Samira Abbassy & Imran Channa
Vernissage: Saturday, March 16, 6pm-9pm
Exhibition Dates: March 16 – April 24, 2019
We record our past through many means; oral storytelling, writing, and imagery shape our histories. Culture, religion and lineage are all taken into account. History is factual and fictitious, accurate and exaggerated, beautiful and terrible.
Individuals can find a way to re-write our histories and re-contextualize our present; Samira Abbassy & Imran Channa do this in fascinating and powerful ways.
‘The ocean paintings in this show began as an attempt to imagine the plight of the Syrian refugees at sea. As they progressed, the paintings became less specific to these recent events on our news feed and more universal, timeless and mythical.
This water-crossing motif has been the subjects of myths, legends, epic poems and Biblical stories. In our current ecological dilemma, it can also be considered a metaphor of our precarious position within the immense power of Nature.
Elements of chance or fate, to which we are all subject, also dictate the materials-lead process, where the images are found within the paint. This practice of trusting intuition and allowing the materials to lead the way, suggesting ideas and images to me, brings me closer to the essence of the subject.
Delving into ‘the Oceanic’ and being swallowed whole by it, describes both the subject of this show, as well as the psychological process by which the works emerge.
As the great Carl Jung sums up:
“the night sea journey” is a kind of descent into Hades and a journey to the land of ghosts somewhere beyond this world,
beyond consciousness, hence an immersion in the unconscious.[“The Psychology of the Transference,” CW 16, par. 455.]
Mythologically, the night sea journey motif usually involves being swallowed by a dragon or sea monster.’
Samira Abbassy, 2019
Samira Abbassy was born in Ahwaz, Iran & moved to London, UK as a child. After graduating from Canterbury College of Art, she began exhibiting in London. In 1988 she moved to New York to help establish & found the Elizabeth Foundation for the Arts Studio Program NY, where she currently has lifetime tenure and is a board member.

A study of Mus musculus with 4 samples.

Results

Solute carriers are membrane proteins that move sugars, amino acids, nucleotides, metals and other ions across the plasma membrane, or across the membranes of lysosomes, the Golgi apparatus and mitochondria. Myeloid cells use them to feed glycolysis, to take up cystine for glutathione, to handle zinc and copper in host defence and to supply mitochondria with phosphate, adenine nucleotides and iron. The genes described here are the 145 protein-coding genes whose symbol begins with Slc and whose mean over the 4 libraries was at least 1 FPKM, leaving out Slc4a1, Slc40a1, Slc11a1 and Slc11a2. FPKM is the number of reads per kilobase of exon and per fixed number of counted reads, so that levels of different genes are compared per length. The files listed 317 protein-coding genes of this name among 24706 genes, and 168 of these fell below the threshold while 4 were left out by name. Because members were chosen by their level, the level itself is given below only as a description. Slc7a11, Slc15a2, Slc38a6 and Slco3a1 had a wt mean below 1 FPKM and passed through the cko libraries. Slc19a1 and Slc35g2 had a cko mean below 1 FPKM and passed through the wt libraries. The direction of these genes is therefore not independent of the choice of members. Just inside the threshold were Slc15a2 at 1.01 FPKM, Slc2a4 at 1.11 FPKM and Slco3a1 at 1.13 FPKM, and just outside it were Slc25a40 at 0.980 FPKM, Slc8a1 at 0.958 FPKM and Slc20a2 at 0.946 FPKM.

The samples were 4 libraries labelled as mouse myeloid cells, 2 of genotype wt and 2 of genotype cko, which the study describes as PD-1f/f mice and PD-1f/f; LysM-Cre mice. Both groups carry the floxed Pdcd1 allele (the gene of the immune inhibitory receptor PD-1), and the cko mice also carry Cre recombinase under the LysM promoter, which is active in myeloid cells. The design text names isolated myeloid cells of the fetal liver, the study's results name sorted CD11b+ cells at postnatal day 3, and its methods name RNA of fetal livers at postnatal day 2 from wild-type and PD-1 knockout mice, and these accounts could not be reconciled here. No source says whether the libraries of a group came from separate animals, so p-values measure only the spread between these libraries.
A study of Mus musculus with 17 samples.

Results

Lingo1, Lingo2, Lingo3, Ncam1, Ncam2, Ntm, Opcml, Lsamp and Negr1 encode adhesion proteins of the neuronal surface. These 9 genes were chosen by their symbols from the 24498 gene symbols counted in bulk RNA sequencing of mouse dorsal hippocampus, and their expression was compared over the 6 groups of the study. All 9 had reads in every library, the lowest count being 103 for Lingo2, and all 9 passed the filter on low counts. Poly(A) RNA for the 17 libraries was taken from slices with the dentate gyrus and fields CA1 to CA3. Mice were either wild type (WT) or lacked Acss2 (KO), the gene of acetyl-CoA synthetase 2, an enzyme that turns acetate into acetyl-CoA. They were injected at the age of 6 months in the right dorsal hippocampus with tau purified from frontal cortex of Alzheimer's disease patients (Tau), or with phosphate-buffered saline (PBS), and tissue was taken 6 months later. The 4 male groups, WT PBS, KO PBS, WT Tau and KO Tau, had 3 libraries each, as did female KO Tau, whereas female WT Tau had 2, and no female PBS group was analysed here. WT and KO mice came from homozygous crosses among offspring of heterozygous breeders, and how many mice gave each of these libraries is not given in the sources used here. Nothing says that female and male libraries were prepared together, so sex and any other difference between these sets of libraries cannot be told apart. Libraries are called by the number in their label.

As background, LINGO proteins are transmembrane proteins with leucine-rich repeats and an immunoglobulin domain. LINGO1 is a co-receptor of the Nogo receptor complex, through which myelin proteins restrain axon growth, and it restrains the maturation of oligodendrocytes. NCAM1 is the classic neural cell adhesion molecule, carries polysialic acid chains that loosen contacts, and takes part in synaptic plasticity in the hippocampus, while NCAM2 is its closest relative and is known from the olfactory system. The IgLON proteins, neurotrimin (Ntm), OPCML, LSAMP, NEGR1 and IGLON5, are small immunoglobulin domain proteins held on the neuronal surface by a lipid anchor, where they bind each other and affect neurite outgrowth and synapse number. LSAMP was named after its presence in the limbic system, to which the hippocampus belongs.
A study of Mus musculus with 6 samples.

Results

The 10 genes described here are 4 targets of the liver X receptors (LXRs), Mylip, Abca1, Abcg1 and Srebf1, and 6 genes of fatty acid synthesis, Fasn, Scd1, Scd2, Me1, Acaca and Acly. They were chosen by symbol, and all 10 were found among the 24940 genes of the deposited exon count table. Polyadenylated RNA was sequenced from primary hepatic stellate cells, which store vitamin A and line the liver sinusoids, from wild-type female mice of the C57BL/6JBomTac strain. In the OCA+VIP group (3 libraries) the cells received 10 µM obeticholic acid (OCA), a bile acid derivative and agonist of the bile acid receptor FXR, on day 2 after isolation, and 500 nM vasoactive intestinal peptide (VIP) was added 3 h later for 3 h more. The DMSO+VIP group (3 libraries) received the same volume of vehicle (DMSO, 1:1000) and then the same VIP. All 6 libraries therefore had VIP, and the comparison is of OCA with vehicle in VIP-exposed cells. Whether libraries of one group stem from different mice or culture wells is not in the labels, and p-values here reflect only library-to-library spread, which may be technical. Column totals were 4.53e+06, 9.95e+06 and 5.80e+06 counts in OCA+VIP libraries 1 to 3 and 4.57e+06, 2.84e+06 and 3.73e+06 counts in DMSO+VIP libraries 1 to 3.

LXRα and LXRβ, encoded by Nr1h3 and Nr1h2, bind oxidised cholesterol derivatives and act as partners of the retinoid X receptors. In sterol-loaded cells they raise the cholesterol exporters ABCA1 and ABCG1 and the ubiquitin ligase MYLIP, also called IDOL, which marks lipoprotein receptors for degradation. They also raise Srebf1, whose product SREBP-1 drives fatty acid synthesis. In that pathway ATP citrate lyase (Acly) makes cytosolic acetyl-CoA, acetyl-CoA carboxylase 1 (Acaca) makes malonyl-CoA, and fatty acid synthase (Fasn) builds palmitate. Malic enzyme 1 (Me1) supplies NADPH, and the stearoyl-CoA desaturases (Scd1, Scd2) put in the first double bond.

Her work is shown internationally and has been acquired for private and public collections, including: the Metropolitan Museum, the British Museum, the British Government Art Collection, the Burger Collection, the Donald Rubin collection (Rubin Museum, NY),the Farjaam Collection, Dubai, the Devi Foundation, India & the Omid Foundation, Iran.
This Project is based on Badshahnama (The book of Kings), an illustrated history book from the Mughal period. This book, specially commissioned during the reign of Emperor Shah-Jehan, was presented as officially recorded documents on Mughal kings. The outcome was two-fold, on one hand acting as propaganda, while on the other, simultaneously presenting and documenting the ‘official’ history of Mughal kings through visual means. The book, originally produced in India is now in the British Royal Collection. Raising questions around the accuracy of pre-scripted history, this beautifully illustrated and richly informative book is bursting with sharp insights into the art, history and approach of Mughal rulers.
My approach to making this series deals with the idea of selecting and re-presenting fragments of the book in alternative contexts in order to open up new forms of engagement, relationships and meanings with the characters. Using a digital cut-and paste technique, I magnify the heterogeneous harmony of the original visual document by juxtaposingdifferent identities in order to form an alternative narration.
The act of taking the images away from their original context, and reinserting them with alternative proportions and in different formations creates a link based on differences rather than similarities. My role becomes a builder and a demolisher at the same time to let some things go in order to get something back.
Playing with our fascination with the rich history of Mughal miniature manuscripts, this series of works highlights voids and magnifies doubt, in order to question the documentation and representation via historical artefacts.
This project re-examines and brings into focus the various outcomes of visual historiography by magnifying the myths of Badshah and their Nama’s.’ Imran Channa, 2018
Imran Channa is a contemporary Pakistani visual artist who presents ideas through installation, drawing, painting, digital, moving image and sculpture. Channa draws attention to the ingredients required for the process of documentation, highlighting how history is recorded, framed and manufactured via photography, archeology and literature. Channa is interested in the role played by these modes in the perversion of knowledge and the construction of consciousness.
For Channa, historical narratives acts as a locus. They are points that create personal and national identities, while also acting as repositories where desires are consigned.
Rather than attempting to verify any kind of truth, Channa further obfuscates narratives through his work. In doing so he exposes how modes of knowledge production are beholden to the methods of the creator. Channa’s technique of layering, erasing, and concealment draws attention to the role and power of the artist, and can be seen as a critique of contemporary motivations that assign knowledge production as a purpose of art itself.
Imran Channa lives and works in Amsterdam, Netherlands.